Biography of American Poet Walt Whitman Part 2

About the famous American poet Walt Whitman, history and biography of the author of Leaves of Grass and Song of Myself.

GALLERY OF GREAT PERFORMING AND CREATIVE ARTISTS

WALT WHITMAN (1819-1892)

Whitman went to New Orleans with his brother George and stayed for only two or three months; yet early biographers made much of the trip, because soon after his return he took up employment as a carpenter and began to work on the first edition of Leaves of Grass. Some say he had a mystical experience at this time; others say it was an affair with a high-born Creole woman--though the latter is unlikely. Perhaps it was just his sense of isolation, of being alone in a city of sultry earthiness, that drove him away from the editorial offices and toward the creation of his lifework.

While Whitman never married, and his sexual leanings were decidedly homoerotic, there is no documented evidence that he was a homosexual. In the "Calamus" section of Leaves of Grass, he sets out to sing songs of "manly attachment" and this he does, exquisitely. Whether these were personal love poems or merely poems idealizing platonic love is a question that biographers and psychoanalysts have argued for the last 100 years. A contemporary of Whitman's claimed he never saw the poet "bothered up by a woman," and indeed there is no record of any kind of his having had a romantic attachment to a female. However, when challenged on the subject by British admirer and critic John Symonds, Whitman "confessed" to having fathered six illegitimate children. The whereabouts of their mother or mothers was never discovered, and not one of the children appeared later to claim Whitman as a father. In all likelihood, as one critic surmised, these were "psychological children" born out of the need to father and procreate.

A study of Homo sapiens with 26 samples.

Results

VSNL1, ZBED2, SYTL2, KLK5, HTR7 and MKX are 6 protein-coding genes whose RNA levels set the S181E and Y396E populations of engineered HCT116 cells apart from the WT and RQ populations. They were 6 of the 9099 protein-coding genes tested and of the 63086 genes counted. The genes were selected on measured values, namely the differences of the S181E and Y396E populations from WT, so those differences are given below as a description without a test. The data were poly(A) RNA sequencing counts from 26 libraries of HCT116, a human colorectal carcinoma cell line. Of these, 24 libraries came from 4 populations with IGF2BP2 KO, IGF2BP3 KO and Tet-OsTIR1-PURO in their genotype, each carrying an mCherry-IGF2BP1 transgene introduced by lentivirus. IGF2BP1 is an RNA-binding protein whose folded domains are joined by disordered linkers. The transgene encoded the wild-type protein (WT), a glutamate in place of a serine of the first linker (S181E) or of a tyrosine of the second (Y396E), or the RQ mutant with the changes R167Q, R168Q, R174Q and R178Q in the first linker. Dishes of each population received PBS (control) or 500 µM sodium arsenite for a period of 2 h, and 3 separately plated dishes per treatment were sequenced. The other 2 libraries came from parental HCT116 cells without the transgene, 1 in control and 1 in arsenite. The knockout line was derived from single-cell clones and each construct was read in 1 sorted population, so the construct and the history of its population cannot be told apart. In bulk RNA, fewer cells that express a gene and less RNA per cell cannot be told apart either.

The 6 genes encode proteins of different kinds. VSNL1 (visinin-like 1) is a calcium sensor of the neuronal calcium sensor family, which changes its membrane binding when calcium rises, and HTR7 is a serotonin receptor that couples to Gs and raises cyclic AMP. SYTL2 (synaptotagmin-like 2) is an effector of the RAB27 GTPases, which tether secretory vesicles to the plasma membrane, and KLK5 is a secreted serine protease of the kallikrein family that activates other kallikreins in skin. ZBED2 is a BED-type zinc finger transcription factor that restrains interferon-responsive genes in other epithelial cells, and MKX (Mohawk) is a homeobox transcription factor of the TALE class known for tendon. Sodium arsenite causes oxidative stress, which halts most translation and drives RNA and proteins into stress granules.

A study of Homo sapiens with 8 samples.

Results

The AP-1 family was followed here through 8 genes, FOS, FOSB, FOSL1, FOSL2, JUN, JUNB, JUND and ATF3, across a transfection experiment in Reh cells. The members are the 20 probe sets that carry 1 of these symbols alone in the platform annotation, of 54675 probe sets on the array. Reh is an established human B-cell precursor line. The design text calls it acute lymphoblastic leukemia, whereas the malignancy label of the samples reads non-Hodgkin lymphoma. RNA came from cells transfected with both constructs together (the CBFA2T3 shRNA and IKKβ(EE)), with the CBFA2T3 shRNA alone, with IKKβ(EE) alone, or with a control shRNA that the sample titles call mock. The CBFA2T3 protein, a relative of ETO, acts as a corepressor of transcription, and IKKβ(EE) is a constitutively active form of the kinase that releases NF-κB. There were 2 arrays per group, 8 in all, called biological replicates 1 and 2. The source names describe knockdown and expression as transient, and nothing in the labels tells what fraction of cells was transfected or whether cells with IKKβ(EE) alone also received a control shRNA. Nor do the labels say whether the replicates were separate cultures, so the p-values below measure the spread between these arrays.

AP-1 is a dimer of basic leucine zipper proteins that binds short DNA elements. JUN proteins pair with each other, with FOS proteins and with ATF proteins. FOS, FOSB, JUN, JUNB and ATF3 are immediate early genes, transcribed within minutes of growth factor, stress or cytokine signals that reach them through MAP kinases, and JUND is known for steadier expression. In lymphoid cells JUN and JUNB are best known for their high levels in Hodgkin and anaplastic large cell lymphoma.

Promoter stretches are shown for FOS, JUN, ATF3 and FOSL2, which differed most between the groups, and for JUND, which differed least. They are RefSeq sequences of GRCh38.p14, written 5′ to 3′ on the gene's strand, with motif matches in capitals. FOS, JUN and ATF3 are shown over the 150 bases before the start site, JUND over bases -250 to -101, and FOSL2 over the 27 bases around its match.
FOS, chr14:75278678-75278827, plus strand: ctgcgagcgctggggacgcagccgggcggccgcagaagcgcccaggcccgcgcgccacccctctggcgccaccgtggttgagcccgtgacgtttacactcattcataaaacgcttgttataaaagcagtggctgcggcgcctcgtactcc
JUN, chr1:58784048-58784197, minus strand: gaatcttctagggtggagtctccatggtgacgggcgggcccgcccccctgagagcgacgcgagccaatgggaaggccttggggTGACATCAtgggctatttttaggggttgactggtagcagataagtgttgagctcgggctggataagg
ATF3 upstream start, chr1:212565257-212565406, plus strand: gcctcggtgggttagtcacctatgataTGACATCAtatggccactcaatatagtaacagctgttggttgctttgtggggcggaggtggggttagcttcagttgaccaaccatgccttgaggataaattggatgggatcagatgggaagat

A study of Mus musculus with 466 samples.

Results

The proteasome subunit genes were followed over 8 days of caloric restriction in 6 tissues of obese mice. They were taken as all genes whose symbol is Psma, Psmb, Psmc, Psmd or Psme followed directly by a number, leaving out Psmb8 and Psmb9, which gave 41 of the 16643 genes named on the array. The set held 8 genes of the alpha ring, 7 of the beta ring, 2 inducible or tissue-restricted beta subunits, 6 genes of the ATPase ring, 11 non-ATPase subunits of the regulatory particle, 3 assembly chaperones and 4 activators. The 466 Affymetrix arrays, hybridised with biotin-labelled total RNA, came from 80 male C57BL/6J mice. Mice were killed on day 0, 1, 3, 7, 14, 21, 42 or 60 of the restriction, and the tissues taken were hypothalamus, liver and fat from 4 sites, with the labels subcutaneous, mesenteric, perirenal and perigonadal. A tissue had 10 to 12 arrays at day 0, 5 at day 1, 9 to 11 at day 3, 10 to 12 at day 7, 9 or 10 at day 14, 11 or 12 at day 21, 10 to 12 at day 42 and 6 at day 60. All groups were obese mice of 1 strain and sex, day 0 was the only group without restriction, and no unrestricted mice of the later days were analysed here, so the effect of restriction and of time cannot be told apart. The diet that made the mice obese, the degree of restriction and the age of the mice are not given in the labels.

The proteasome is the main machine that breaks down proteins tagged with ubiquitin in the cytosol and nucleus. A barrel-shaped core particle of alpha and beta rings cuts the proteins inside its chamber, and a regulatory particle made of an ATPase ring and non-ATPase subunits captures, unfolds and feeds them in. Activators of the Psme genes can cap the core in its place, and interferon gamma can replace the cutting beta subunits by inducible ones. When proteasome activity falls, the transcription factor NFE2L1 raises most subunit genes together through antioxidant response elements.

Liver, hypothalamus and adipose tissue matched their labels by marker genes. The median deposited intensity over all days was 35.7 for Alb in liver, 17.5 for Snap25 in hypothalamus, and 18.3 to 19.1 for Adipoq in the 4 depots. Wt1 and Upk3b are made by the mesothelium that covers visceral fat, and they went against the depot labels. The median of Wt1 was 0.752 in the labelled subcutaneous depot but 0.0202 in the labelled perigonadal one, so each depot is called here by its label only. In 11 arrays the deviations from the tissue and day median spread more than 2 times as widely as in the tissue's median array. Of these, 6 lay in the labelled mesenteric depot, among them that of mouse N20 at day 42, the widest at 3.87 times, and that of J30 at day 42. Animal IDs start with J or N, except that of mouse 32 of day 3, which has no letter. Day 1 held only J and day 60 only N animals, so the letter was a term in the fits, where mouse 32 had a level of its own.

Upon the publication of Leaves of Grass in 1855, Whitman was awarded laurels by many of the literary figures of the time, Emerson's tribute being the most impressive. "I greet you at the beginning of a great career," he wrote to Whitman. Whitman, however, was no intellectual; he felt more at home among the cabdrivers and dockmen with whom he spent many hours. He got on easily with all kinds of people. He was not so much chameleon in nature as multifaceted, showing different sides of himself to different types of acquaintances. No one knew the complete man. During this happy time when he experienced the first blush of fame, he frequented a bohemian watering hole in Brooklyn known as Pfaff's.